The spread of buildings on Malaysia’s cost have led to disappearance of the world's most important winter homes for migrating birds, said a report released Wednesday.
Wetlands International, a global monitor of coastal areas and their wildlife, said the number of shore birds wintering in Malaysia had plunged by 22 percent over the past 20 years as the country aggressively developed its coastline for new housing, shrimp farms, industry and recreation.
The shrinking habitat means a loss of food and a break in the chain of wetland rest stops for migrating birds, the group said. "A larger number of young will starve. Slowly, the number born every year is declining," Wetlands spokesman Alex Kaat said.
Climate change also may be a factor. The report cited the construction of sea walls to protect against storm surges and rising sea levels as contributing to the changing coast line. Mud flats - ideal for wading birds - were being eroded or reclaimed for human use.
Kaat said the organization was careful about drawing a link to global warming, though he said other studies have blamed climate change for shifting migration patterns.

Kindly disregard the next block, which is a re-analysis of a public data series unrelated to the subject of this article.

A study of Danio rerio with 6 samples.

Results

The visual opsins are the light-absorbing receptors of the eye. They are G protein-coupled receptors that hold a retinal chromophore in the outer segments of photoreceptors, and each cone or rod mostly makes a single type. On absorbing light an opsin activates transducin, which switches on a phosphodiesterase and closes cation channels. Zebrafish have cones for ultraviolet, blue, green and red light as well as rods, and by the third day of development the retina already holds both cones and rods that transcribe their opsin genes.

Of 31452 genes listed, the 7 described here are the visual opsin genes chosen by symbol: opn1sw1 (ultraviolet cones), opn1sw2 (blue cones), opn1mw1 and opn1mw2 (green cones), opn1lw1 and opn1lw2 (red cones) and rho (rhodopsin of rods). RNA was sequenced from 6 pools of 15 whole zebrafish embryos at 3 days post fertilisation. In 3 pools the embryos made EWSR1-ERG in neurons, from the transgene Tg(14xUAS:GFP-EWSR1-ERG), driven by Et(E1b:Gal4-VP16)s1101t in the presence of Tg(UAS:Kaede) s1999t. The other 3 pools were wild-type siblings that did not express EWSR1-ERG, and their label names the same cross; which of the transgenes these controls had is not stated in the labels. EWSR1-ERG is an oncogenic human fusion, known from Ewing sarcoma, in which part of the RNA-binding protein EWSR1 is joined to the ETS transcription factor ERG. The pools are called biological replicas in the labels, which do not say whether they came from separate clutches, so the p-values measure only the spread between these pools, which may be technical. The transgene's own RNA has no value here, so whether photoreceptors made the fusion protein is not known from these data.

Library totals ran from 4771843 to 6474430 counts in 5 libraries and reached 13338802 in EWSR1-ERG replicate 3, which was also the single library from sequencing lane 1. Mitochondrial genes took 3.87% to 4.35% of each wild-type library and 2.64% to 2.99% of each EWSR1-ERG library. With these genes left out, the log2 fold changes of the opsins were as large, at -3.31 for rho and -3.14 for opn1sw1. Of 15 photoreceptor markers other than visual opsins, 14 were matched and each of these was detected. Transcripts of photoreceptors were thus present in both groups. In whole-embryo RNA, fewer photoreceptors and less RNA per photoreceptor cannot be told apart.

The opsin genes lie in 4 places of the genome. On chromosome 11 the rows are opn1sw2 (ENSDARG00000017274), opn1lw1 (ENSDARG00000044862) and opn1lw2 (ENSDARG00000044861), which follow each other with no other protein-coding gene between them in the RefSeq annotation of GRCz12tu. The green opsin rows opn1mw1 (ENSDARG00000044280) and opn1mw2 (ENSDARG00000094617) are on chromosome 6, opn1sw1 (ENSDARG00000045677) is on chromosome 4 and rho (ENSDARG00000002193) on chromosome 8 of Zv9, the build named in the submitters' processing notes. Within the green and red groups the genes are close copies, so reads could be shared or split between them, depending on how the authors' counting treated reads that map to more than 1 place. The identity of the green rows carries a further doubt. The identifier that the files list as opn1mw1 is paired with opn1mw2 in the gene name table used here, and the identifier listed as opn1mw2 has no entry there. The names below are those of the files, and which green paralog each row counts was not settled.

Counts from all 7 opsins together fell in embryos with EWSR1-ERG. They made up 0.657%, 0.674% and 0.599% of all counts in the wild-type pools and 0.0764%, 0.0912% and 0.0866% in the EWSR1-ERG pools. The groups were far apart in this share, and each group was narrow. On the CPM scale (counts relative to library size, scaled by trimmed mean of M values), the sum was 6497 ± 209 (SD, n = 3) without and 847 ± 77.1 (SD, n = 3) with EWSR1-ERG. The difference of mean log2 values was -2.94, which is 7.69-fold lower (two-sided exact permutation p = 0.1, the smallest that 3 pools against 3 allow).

The destruction of mangrove forests heightened the threat to rare birds, Wetlands said. Traditional prawn ponds were being converted to deep pools for adding crabs. Hunters also have taken a toll on shore birds, the report said.
"The region is undergoing rapid economic development, but conservation policies are lagging behind," Kaat said.
The coast of Malaysia's peninsula is one of the most important wintering grounds for several endangered species, including the Nordmann's Greenshank and the Chinese egret, the report said.
Estimates by Birdlife International say the global population of the greenshank, which breeds on the coast of Siberia, may number fewer that 1,000. The Chinese egret also probably numbers no more than the low thousands.
Especially hit hard was the Perak coast, north of the capital Kuala Lumpur. A two-year survey ending in 2006 found an 86 percent decline from a similar survey in the 1980s. The Selangor area around the capital also showed dramatic losses of bird life, as did the wet coast of Johor, said the report.
Wetlands volunteers surveyed 134 sites in Malaysia. At the peak time, the survey recorded 105,000 water birds, with Selangor and Sarawak the most important sites.
Wetlands International is based in Wageningen, Netherlands.